LINKS COMPUTER SYSTEMS, INC. was established in the fall of 1991, and incorporated under the laws of the State of Ohio in the spring of 1992. The business was established for the purpose of hardware and software sales to small businesses, (business to business) to include specifically the installation and support of Novell Netware.
The principal, secured his CNE (Certified Novell Engineer) certification and was approved as a Novell authorized reseller in 1994. The business has grown specifically as a result of their quality netware implementation, support, and customer relationships. In 1996, the company moved to a larger (2745 sq. ft.) facility and acquired an additional storage facility for inventory and off premise operations. The company hopes to finalize their Novell Gold Certification, and will continue to focus on the sale, installation, and support of the business networking implementations.
The company's philosophy lends itself to promoting and supporting products that when properly installed and configured offer a reliable, relatively trouble free operation, with low maintenance. For this reason, our primary product line includes items from manufacturers like 3Com, Intel, Hayes, Seagate, Hewlett Packard, IBM, Cisco, Cabletron, NEC, Creative Labs, Proxima, Iomega, Novell, Belden, AMP, Cheyenne, and others referred to elsewhere in our offerings.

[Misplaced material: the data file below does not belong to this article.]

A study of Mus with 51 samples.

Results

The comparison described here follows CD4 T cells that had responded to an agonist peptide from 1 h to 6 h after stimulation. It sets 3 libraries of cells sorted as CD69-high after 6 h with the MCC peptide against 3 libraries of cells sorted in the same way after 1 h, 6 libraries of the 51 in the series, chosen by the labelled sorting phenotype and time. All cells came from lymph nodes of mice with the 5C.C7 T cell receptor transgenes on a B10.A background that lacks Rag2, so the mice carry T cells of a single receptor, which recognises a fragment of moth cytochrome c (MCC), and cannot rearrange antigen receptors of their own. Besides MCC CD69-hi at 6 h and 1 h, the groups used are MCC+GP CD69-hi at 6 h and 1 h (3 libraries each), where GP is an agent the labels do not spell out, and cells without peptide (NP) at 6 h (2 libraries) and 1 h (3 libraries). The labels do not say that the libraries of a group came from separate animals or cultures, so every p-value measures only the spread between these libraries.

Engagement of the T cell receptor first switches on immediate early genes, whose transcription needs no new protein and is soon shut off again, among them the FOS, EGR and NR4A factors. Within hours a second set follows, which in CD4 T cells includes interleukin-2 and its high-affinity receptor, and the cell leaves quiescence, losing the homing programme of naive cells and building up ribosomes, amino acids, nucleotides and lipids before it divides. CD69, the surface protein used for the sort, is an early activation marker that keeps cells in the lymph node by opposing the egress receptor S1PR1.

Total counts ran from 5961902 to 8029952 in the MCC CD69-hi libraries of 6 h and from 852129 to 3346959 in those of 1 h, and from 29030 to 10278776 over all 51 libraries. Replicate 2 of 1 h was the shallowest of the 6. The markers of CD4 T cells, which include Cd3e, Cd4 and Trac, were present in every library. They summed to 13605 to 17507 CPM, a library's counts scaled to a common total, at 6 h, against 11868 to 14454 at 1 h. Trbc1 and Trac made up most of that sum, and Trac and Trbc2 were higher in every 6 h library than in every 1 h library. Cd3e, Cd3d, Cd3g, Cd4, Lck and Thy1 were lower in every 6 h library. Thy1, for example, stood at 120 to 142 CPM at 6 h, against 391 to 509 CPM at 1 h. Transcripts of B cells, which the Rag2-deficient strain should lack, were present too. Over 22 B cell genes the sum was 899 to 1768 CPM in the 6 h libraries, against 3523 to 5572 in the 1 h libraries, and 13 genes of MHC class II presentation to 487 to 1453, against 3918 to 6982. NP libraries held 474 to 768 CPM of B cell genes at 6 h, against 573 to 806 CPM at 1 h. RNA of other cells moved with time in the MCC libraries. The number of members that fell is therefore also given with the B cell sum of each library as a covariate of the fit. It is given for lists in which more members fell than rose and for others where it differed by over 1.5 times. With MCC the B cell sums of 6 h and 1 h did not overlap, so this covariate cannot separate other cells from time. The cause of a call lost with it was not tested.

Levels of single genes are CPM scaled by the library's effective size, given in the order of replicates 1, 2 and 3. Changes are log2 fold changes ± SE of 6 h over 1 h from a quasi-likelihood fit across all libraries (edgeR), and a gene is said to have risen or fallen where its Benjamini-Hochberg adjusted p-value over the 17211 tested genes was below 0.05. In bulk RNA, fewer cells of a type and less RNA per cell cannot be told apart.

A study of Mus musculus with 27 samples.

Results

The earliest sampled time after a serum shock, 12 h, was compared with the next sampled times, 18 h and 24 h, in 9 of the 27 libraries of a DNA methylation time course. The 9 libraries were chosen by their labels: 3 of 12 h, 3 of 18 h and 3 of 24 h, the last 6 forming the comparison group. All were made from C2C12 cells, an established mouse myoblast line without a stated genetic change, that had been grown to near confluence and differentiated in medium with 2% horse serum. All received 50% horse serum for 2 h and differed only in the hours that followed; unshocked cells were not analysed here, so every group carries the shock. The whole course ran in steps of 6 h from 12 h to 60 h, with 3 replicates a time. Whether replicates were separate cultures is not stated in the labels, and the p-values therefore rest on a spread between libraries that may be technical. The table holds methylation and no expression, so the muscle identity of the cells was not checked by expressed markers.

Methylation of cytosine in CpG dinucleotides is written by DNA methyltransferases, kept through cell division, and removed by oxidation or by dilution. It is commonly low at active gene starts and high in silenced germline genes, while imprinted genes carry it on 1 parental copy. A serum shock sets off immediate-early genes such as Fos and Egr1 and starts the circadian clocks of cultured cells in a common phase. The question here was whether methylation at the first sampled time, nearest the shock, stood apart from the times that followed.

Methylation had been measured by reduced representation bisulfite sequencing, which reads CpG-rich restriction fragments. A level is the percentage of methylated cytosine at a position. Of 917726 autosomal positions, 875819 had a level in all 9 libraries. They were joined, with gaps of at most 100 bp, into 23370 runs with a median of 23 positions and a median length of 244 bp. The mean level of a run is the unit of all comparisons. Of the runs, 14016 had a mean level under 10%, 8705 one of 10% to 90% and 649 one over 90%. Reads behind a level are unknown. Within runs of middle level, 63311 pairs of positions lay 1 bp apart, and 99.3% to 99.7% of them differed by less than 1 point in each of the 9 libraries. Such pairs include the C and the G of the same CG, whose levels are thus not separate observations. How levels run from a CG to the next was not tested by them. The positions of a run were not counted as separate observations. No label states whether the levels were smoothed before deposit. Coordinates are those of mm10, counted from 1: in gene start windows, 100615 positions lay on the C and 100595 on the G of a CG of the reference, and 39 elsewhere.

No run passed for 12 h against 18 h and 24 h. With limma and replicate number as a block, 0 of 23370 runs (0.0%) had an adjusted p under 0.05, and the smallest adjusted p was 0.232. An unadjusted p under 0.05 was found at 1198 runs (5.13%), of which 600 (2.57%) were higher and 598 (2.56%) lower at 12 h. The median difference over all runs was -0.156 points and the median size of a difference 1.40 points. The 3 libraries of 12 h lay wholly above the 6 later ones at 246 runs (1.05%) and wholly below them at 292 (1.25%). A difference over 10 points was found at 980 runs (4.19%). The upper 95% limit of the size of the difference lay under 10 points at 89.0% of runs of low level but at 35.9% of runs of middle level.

Due to increasing costs to maintain operations at their location in the Xenia Towne Square, and due to the economic pressures in the industry, the company decided to relocate their operations to 87 East Main Street in November of 2001.The relocation has proved to be a very prudent decision, and helped the company weather the most recent economic recession, and the latent effects of the disaster of 9-11. All operations remain the same.
At the end of 2005, Links Computer Systems, Inc. ceased business as an Ohio corporation, and moved its service business in April of 2006 to 113 S. Monroe-Siding Road in Xenia. The plans are to continue limited operations in the local service arena under the name of Links Service Group. Service had for several years been the only profitable aspect of the company while our inventory lost value, and we lost product sales to the mammoth mail order companies like Dell and Gateway, and others. Both IBM and Hewlett Packard eventually were forced to abandon the conventional dealer network that served the industry well for a long period of time. Soon both IBM and HP began to sell direct, which effectively put a "nail in our coffin" , as it related to being able to profitably compete for computer, printer, and server sales.